Through the Interaction Hypothesis, Professor Long integrated and reconciled two hypotheses on second language acquisition (SLA): the input and the output hypotheses. The Input Hypothesis states that a language learner only needs to be supplied with “input” through the forms of reading, listening to conversations, and lessons on grammar and vocabulary. The Output Hypothesis, on the other hand, stresses the importance of practicing and speaking to retain and remember the language. The Interaction Hypothesis combines both the “input” and “output” by stating that interaction is not only a means for a learner to study the language, but also a way for the learner to practice what he has learned.
Among the types of interactions, conversation is probably the most emphasized in the Interaction Hypothesis, an idea most probably derived from the “discourse approach” by Professor Evelyn Hatch who, in 1978, wrote papers that stressed the importance of constant communication and interaction for SLA. The Interaction Hypothesis acknowledges that during conversations, there are certain situations wherein a participant does not understand what the other says, but it is in these situations where learning becomes more effective. The theory refers to this occurrence as “negotiation,” wherein the participants will attempt to understand and repair the miscommunication during the interaction.
The first step in the negotiation is the interaction itself, when both participants begin to engage in conversation. The second step, the “negative feedback,” occurs when a participant does not understand a certain word, sometimes seen in a nonverbal action such as in the furrowing of the brow. In some cases, the other participant may request clarification by saying, “Pardon?” or “Can you say that again?” The process wherein the misunderstood participant strives to make the other participant understand is called “modification output.” The participant may paraphrase or give examples to make the meaning of the word clearer, until the other participant responds in an affirmative way that he has understood.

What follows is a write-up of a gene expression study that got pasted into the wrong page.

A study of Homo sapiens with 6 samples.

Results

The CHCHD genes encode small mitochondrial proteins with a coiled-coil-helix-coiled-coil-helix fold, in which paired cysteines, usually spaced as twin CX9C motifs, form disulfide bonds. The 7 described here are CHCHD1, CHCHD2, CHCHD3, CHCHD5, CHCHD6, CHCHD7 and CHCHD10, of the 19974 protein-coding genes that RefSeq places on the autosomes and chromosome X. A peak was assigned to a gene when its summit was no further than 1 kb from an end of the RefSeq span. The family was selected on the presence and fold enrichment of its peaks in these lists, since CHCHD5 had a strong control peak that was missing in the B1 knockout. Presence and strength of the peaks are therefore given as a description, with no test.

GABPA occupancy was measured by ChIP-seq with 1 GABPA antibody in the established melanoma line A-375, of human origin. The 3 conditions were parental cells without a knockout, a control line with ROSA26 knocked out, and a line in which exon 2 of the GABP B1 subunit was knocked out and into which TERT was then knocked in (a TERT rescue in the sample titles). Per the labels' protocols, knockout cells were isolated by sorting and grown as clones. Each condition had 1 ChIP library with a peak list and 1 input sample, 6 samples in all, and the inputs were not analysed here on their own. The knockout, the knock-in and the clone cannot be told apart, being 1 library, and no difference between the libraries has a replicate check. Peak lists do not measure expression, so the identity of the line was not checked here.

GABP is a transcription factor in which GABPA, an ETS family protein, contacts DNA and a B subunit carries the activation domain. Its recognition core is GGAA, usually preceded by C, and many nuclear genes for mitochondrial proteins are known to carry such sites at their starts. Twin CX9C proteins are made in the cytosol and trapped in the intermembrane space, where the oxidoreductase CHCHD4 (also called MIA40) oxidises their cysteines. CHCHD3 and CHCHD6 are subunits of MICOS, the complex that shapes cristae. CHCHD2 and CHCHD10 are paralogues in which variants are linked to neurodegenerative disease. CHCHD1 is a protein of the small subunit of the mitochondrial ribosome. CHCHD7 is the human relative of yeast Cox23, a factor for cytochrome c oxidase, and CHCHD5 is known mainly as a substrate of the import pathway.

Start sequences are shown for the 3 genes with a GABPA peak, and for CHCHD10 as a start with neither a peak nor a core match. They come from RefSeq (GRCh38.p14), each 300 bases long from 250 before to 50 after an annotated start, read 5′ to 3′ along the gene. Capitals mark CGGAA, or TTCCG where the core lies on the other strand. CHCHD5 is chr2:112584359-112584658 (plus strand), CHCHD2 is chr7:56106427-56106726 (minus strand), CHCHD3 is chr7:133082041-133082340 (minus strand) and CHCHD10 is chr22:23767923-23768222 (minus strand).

Interaction Hypothesis suggests an interaction between a second-language learner and a native speaker, so the learner can study the language in its most authentic setting. In this way, the learner not only learns about the language, but also the nuances and other nonverbal cues the go along with the words. Many universities in English-speaking countries have English programs and classes focusing on personal interaction for many foreign students who go abroad just to learn how to speak English.
The interaction hypothesis is based on two hypotheses: the input hypotheses and the output hypothesis. The input hypothesis is the idea that language learners will learn best through reading, listening to conversations, and instruction on grammar and vocabulary. The output hypothesis is focused on speaking and practicing the language. The interaction hypothesis combines these two hypotheses with the idea that students need to learn all the material found in the input hypothesis, but they also need the practice that comes with the output hypothesis.
The interaction hypothesis stresses the importance of conversations between learners and native speakers. Authentic conversations not only help the learner grasp the language, but it also helps the learner understand facial expressions and other non-verbal cues that are typical to the culture.
An example that the reading gives is furrowing eyebrows when a native speaker does not understand something that is said. An authentic conversation helps the learner to pick up on gestures similar to this.